3 Ways to Make Great Iced Coffee at Home
It's warm, it's balmy and it's humid -- it is, in other words, perfect iced coffee weather. And while there are plenty of places in the city where you can get a refreshing cup, you can easily make yourself a glass or two or three at home with little more than a jar and a filter, or a pour-over cone. We talked to a few coffee professionals for their advice on best brewing methods; regardless of how you make it, Tonx's Tony Konecny has a good general suggestion: "Always err on the side of brewing too strong since you can always cut it back with water or melting ice." To that, we'll add one more thought: With the upcoming week of heat, you might want to make yourself an especially big batch. To keep alongside the lemonade, of course.
Prepping cold-brew coffee
3. Cold-Brew Coffee
Many specialty coffee shops make their iced coffee by steeping coffee grounds in cold water, usually for 12 hours or more, and diluting the resulting concentrate with water or milk. This method mellows out the coffee's acidity to produce a drink that is full-bodied, smooth and sweet. To make it at home, you don't need much more than a jar and a filter, or a French press; it is, as Michael Phillips of Handsome Coffee Roasters says, just like a point-and-shoot camera: Easy, convenient and perfect for most people. If anything, he continues, cold-brews are "incredibly difficult to mess up," even if your coffee to water ratio is not perfect, or you let the coffee steep too long. In fact, Konecny says that "you can use coffee that is less fresh and still get very good results."
Recipes for cold-brew coffee vary and variations are endless. Intelligentsia's Katie O'Shea, for example, uses 3/4 of a cup of coarsely ground coffee per pint of water for her home brew. For larger batches, Phillips suggests coarsely grinding an entire 12-ounce bag of coffee and adding seven cups (56 ounces) of water. Optionally, some folks, including Cafecito Organico's Alexandra LittleJohn, "bloom" the coffee first by saturating the grounds with hot water before adding the cold. Others like to add a bit of chicory in the mix for a New Orleans-style brew. Whatever you do -- or don't do -- to the coffee, you can then essentially set it and forget it: Just let it to sit on your kitchen counter or fridge to brew overnight.
The next day, filter the coffee and serve in a glass, adding water or milk to taste (because the concentrate is so intense, it will stand up to milk particularly well), along with ice if desired. The coffee concentrate itself will last several days and, as Phillips suggests, can even be used to infuse baked goods or cocktails with a bit of coffee flavor.
Readymade Cold-Brew Coffees. If you lack the beans or the interest in making iced coffee from scratch, you can pick up a jug of Secret Squirrel Cold Brew concentrate at the Studio City Farmers Market, Republic of Pie and Atwater Village Farm; just add water or milk, and you're good to go. In addition, The Sycamore Kitchen carries bottles of Stumptown Coffee Roaster's bottled cold-brew coffee.
2. Ice Brew Coffee
Another popular -- if a bit controversial -- way of making iced coffee is to brew the coffee hot using a pour-over method and to filter it directly over ice. As LittleJohn explains, coffee's flavors come from its acidity; thus, once you lose the acidity -- as you do in the cold-brewing process -- you also lose much of the coffee's flavors. By brewing the coffee hot and flash cooling the coffee immediately over ice, the delicate flavors and aromatics are preserved. Because this method relies on the pour-over method of brewing though, your drink will be only as good as your technique. Or, to extend Phillips's coffees-as-cameras analogy, if cold-brews are point-and-shoots, ice brews are D.S.L.R.'s: You'll get a very crisp picture of the coffee's aromatics and its subtle nuances, but you sort of need to know what you're doing to really bring out those characteristics.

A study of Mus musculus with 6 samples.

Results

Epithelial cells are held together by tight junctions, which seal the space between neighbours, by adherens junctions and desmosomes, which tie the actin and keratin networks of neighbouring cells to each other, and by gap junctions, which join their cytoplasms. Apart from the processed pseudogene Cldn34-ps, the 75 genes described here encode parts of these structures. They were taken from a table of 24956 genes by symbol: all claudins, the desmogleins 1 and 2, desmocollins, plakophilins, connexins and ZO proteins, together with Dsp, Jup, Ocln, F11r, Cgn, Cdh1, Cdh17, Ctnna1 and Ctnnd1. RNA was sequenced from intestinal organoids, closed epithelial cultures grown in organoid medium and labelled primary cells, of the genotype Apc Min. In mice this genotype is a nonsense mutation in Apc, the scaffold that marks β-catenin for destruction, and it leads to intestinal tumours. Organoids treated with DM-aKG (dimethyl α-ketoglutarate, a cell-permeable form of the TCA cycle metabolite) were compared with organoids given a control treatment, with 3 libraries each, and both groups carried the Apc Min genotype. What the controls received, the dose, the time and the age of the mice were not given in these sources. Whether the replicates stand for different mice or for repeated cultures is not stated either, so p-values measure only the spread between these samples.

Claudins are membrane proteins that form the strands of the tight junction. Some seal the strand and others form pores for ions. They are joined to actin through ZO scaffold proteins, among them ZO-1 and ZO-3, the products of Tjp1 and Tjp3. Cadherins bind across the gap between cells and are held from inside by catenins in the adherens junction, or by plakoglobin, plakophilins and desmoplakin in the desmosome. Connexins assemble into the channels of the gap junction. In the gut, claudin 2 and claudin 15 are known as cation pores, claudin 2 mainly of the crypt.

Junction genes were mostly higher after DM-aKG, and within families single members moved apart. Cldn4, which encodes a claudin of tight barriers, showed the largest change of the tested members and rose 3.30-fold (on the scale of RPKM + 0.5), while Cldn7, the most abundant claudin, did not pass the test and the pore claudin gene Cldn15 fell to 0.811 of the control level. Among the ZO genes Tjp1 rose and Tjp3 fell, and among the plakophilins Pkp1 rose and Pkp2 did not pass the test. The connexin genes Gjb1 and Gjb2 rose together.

That said, if you normally brew your coffee using a pour-over cone, Chemex or a Clever dripper, and you have a streak of Alton Brown in you, this method is nice to have at your ready. (If you want to try it before you buy into it, Scoops Westside offers iced coffee using this method.)
As with cold-brew coffee, your mileage may vary when it comes to coffee, water and ice ratios. In the above video, Counter Culture Coffee's Peter Giuliano prepares his version as if he were making a normal pour-over, replacing half the hot water with ice. LittleJohn suggests a 1 to 14 ratio of coffee to total volume of water for a pourover cone or a Clever dripper; she also uses less hot water than ice (for 60 grams of coffee, for example, she suggests 340 grams of hot water to be brewed directly over 500 grams of ice). Still others are contemplating whether to use more water than ice. In all cases, LittleJohn notes that the hot coffee will melt the ice, so once it filters, the drink will be sufficiently diluted to be served as is, or with additional ice to keep it cold. If you follow LittleJohn's recipe, you'll end up with three to four 16-ounce glasses of iced coffee, which will last up to two weeks in the refrigerator.
For something different, traditional Vietnamese coffee is one part very strong coffee and one part very sweet condensed milk that dance together to create a rich and creamy iced coffee drink. You'll need a Vietnamese filter called a "phin," which you can pick up at the local Asian grocery store, a can of condensed milk and preferably dark-roasted coffee that will stand up to that thick milk (Vietnamese restaurants typically use beans from Cafe du Monde or Trung Nguyen, or a blend of both). Filter the coffee into a mug or glass using the phin, spoon in the milk to taste, stir well and add ice. Eat with a bánh mì sandwich. Dip the crusty ends of the bread into the open can of condensed milk. Sip your cà phê sữa đá. Enjoy your summer.